Traversing the backroads of the Mojave Desert along Interstate 15 or Kelbaker Road rewards desert wanderers with countless geological wonders. Among these treasures are the dramatic remnants of an earth that spewed hot molten lava millions of years ago, resulting in expansive lava flows that enveloped huge masses of land, as well as volcanic cones that rise abruptly from the desert floor today.
As you traverse this part of the Mojave Desert, you’ll see a horizon dotted with thirty-two unique cone-shaped mounds of red and black volcanic rocks. These petite volcanoes, called cinder cones, began erupting nearly 8 million years ago, emitting their last lava flows about 10,000 years ago. These well preserved and precious reminders of a time long ago were designated as Cinder Cone National Natural Landmark in 1973.
Since volcanoes don’t happen just anywhere, these prime specimens surrounded by a sea of hardened lava are amazing sights in California’s desert. Scientists believe that a dynamic period of volcano activity happened in this area due to the region’s dynamic fault activity that cracked the earth’s crust into blocks that slid and rotated to create a tremendous amount of heat—enough to melt rocks forming magma that pushed to the surface.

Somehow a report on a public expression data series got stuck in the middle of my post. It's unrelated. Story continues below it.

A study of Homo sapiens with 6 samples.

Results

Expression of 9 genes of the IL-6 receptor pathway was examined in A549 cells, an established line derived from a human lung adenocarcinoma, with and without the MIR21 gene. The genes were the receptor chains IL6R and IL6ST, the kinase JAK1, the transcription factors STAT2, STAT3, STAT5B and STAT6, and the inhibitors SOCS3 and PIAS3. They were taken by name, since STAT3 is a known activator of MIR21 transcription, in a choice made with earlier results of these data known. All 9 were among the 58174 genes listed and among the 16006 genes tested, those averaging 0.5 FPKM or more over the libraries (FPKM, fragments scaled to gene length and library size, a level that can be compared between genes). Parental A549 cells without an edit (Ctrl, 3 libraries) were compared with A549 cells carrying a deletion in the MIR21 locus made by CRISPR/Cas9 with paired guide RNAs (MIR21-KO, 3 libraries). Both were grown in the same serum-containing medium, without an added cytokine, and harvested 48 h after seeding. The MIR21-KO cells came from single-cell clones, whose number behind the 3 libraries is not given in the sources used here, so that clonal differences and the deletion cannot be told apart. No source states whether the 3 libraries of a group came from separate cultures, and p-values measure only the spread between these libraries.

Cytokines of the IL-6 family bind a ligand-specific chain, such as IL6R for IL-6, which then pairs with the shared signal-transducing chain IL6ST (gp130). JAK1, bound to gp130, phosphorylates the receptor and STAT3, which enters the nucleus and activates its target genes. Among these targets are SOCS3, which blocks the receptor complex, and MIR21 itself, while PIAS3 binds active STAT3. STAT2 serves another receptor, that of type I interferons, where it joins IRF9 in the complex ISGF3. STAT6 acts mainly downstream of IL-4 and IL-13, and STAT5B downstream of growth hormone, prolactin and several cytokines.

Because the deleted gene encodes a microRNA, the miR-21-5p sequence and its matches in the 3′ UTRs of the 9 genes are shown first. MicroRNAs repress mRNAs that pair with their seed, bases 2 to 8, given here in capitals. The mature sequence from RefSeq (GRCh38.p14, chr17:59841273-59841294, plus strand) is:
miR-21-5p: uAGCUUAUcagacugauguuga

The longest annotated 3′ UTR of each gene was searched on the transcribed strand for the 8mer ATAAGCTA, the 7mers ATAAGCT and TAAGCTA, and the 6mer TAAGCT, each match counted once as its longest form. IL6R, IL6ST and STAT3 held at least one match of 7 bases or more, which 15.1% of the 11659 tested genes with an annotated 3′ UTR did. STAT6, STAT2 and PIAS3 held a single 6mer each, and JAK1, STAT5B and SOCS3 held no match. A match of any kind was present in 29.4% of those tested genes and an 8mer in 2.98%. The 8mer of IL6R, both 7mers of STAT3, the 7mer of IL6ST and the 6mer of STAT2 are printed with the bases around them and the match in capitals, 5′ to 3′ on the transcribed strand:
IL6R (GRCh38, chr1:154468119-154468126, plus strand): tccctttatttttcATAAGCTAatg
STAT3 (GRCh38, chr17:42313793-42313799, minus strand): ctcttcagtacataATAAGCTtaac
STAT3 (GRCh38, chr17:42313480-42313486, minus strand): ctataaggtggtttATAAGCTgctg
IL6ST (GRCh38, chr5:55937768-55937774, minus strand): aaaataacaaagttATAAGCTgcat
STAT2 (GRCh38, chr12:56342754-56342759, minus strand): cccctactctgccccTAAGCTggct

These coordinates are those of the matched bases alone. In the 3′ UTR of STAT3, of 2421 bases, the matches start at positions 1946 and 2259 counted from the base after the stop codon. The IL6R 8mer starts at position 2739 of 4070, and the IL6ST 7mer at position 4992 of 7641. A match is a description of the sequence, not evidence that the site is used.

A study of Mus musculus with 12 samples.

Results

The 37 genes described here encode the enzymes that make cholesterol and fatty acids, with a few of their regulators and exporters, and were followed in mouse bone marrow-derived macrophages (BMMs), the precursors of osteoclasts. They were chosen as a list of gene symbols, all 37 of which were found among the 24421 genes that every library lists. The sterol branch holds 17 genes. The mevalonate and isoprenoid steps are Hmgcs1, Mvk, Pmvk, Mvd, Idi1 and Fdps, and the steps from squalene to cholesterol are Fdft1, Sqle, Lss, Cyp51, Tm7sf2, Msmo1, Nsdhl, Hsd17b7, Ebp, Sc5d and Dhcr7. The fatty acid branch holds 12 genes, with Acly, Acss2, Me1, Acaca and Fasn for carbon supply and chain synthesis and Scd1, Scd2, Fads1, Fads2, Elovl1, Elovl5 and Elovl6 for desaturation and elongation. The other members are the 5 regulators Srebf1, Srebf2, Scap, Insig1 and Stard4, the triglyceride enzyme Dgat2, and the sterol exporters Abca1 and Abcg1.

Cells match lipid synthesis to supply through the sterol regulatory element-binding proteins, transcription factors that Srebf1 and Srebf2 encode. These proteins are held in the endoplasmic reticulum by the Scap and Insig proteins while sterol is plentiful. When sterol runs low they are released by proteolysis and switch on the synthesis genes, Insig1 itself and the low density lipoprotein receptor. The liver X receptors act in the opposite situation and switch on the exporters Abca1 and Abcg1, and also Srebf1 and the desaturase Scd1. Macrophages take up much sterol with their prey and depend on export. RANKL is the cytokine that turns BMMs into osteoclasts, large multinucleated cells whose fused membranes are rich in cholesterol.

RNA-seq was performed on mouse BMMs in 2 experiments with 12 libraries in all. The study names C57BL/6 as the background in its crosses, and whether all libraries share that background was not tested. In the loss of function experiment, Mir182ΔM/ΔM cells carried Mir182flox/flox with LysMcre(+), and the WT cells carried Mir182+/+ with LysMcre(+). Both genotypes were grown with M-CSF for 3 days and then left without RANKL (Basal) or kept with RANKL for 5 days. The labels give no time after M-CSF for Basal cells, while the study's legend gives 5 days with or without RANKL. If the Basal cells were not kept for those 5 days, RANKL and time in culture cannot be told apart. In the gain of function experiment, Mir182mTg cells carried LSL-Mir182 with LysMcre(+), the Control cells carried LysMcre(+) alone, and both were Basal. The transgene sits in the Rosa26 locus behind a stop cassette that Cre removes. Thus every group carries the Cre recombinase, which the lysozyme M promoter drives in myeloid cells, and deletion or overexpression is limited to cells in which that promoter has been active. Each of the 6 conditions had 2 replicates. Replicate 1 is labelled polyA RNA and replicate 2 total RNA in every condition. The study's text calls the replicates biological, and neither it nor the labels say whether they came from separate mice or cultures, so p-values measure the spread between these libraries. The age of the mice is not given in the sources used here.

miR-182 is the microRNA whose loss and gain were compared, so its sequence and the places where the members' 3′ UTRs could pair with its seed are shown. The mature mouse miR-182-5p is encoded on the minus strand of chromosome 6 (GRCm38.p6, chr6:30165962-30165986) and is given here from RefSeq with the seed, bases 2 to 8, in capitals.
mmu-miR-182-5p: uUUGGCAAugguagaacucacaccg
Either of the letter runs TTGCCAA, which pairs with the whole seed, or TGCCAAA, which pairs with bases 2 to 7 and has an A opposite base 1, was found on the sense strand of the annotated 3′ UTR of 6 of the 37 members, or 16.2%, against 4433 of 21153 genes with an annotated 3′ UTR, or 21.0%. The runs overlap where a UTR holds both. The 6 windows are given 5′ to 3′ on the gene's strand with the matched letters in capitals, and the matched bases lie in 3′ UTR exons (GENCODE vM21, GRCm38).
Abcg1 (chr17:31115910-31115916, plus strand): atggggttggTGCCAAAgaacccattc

Feeling brave? Descend into a lava tube
You may not realize that not all lava is equal. Some lava is thick and gooey, flowing shorter distances. However, these ancient lava flows in the Mojave National Preserve were smooth and thin like syrup, streaming out across the desert (and, at times, on either side of the road you traverse). Interestingly, these molten flows cooled on the surface, but underneath, the still flowing lava formed tunnels and tubes.
For those seeking an extra dose of adventure, you can get really up close to lava’s creations in the Mojave. You have the rare opportunity to make a descent into an ancient lava tube off Kelbaker Road, about 15 miles north of Kelso. Reaching the tube is a little tricky, however. Travel about five miles on Aiken Mine Road (off Kelbaker), passing an old water tank and corral. About 4 ½ miles down the mining road, bear left at a fork and continue to a parking area. From there, you need to walk uphill about 300 yards to a fence. Then, turn right and follow a path to a metal ladder that descends into the lava tube. The climb into the collapsed hole in the tube’s roof reveals a perspective of volcanic activity rarely seen. But note, since the National Park Service does not regularly maintain the tube, adventurers enter at their own risk—and, yes, there can be snakes!